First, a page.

Toxic Tidbits, via the Web

HAVE you ever wondered about health hazards lurking underground near your home, your workplace or a property that you are thinking of buying or renting?

For locations in New York State, there is now an easy way to find out, without resorting to costly testing of groundwater and soil core samples. A free Web site enables anyone — including prospective buyers and sellers, brokers and neighbors — to check a location by typing in its address.

A Gasoline Additive Lingers in New York's Drinking Water

FORT MONTGOMERY, N.Y., Oct. 26 - Twelve years ago, when a new gasoline additive held the promise of reducing air pollution, New York State made a huge bet that the technology would work. It supported the use of the additive, M.T.B.E., to be mixed with gasoline at some of the highest concentrations in the nation, from 12 to 15 percent, while also allowing the additive to be used in parts of the state where air pollution was less of a problem.

Rush to Drill for Natural Gas Creates Conflicts With Mortgages

As natural gas drilling has spread across the country, energy industry representatives have sat down at kitchen tables in states like Texas, Pennsylvania and New York to offer homeowners leases that give companies the right to drill on their land.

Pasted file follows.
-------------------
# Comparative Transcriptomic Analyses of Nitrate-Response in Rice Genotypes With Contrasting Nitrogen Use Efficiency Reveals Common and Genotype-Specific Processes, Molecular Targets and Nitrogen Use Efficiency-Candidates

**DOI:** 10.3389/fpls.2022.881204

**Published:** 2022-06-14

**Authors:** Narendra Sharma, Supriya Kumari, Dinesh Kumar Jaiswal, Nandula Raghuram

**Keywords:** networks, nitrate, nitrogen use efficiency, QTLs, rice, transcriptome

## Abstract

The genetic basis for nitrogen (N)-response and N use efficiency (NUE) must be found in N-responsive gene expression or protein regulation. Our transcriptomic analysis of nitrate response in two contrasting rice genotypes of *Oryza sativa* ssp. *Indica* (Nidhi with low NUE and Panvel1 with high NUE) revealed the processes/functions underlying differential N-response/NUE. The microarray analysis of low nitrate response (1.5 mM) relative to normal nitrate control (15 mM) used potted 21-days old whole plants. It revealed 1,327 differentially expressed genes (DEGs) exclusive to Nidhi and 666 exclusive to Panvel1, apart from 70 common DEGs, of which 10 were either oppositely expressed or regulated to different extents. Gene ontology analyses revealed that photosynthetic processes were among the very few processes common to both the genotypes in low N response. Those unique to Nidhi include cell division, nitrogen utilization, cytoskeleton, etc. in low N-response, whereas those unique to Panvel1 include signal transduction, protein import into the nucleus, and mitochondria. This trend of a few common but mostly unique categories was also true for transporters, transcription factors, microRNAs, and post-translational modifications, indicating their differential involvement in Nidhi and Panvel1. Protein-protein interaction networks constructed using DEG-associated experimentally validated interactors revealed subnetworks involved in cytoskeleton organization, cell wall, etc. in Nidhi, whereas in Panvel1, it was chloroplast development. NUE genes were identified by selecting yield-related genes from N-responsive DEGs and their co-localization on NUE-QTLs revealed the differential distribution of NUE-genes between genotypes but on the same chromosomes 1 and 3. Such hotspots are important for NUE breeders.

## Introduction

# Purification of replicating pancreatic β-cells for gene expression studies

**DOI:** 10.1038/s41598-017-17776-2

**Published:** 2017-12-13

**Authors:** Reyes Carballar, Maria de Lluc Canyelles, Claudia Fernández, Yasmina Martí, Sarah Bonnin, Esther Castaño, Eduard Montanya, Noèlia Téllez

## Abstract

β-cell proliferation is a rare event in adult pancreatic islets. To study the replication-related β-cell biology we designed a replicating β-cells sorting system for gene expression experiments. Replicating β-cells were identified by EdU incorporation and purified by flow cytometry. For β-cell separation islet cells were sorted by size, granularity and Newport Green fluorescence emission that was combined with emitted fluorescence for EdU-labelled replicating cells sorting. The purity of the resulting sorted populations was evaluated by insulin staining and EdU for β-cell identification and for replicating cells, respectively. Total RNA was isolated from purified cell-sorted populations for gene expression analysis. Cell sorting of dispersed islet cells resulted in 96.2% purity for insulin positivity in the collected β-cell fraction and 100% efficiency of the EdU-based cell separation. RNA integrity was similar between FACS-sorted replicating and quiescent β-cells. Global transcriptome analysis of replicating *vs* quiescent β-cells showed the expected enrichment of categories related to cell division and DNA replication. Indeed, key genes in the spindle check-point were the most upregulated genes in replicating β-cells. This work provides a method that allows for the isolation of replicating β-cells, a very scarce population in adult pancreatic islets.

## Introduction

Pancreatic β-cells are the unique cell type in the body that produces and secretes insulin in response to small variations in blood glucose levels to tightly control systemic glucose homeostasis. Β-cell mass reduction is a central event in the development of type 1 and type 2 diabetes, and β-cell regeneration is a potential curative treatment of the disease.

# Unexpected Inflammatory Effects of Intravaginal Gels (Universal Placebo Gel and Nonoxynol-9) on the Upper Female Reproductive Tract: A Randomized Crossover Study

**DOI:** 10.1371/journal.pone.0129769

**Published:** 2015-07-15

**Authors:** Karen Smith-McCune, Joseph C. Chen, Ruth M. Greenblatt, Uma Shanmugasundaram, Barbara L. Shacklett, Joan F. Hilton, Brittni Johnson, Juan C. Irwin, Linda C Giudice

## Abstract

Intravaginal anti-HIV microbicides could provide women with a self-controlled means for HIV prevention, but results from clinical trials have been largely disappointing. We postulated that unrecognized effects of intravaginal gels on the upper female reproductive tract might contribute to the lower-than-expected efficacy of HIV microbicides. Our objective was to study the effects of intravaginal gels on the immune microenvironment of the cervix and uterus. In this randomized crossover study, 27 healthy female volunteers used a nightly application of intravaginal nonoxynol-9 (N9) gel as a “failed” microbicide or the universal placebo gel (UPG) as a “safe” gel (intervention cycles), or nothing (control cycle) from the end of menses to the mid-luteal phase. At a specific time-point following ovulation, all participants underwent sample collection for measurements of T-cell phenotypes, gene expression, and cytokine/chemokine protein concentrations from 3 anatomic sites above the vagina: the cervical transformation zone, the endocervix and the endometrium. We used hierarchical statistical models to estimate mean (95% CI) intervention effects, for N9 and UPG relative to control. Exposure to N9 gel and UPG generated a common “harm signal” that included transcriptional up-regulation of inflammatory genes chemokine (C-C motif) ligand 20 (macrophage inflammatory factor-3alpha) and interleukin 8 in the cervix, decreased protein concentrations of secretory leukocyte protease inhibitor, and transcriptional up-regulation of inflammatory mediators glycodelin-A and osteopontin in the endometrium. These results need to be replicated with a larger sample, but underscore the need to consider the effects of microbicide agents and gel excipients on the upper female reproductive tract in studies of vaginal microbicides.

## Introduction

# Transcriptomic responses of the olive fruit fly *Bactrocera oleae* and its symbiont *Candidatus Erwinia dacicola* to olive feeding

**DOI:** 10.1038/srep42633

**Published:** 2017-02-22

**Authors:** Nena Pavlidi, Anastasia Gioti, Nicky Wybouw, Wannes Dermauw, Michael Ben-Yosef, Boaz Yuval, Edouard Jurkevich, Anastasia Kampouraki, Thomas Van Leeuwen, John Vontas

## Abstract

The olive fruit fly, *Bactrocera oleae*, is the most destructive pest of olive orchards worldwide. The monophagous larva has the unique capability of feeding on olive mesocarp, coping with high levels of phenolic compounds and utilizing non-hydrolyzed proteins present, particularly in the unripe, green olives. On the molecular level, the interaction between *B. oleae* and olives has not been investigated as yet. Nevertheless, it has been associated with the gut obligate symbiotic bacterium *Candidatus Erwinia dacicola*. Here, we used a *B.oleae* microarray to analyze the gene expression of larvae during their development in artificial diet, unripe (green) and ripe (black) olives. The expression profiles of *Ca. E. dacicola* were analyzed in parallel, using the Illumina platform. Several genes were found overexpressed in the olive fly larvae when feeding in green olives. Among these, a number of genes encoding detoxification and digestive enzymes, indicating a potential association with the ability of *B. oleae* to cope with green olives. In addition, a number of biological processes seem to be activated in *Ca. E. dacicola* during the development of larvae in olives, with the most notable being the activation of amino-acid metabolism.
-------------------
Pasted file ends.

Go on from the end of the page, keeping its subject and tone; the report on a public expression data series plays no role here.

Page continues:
And over the past 10 years, as natural gas has become increasingly important to the nation’s energy future, Americans have signed more than a million of these leases.

America’s ‘Renaissance’ to Gains for Renewables: Global Energy Trends









LONDON — From the rise of renewable power to the transformation of the United States into a heavyweight producer of oil and gas, the global energy market, normally slow to evolve, is going through major upheaval.

Lake Cleanup to Be Ordered in Syracuse

State regulators will require Honeywell International to conduct a $448 million cleanup of Onondaga Lake in Syracuse, one of the nation's most polluted bodies of water, according to people who have seen the plan, which is to be announced today.

What Seeps Beneath

PAUL GRANGER, the superintendent of the Plainview Water District, had to shout over the sound of a 150-horsepower pump as it sucked 995 gallons of water a minute up from a layer of sandy soil 400 feet underground.

"A lot of people don't realize that their water comes out of the ground right underneath them," Mr. Granger said, standing inside the small brick building that houses the pump on the front lawn of the district's headquarters on Manetto Hill Road. That underground water supply, or aquifer, supplies the drinking water for nearly three million people living on Long Island.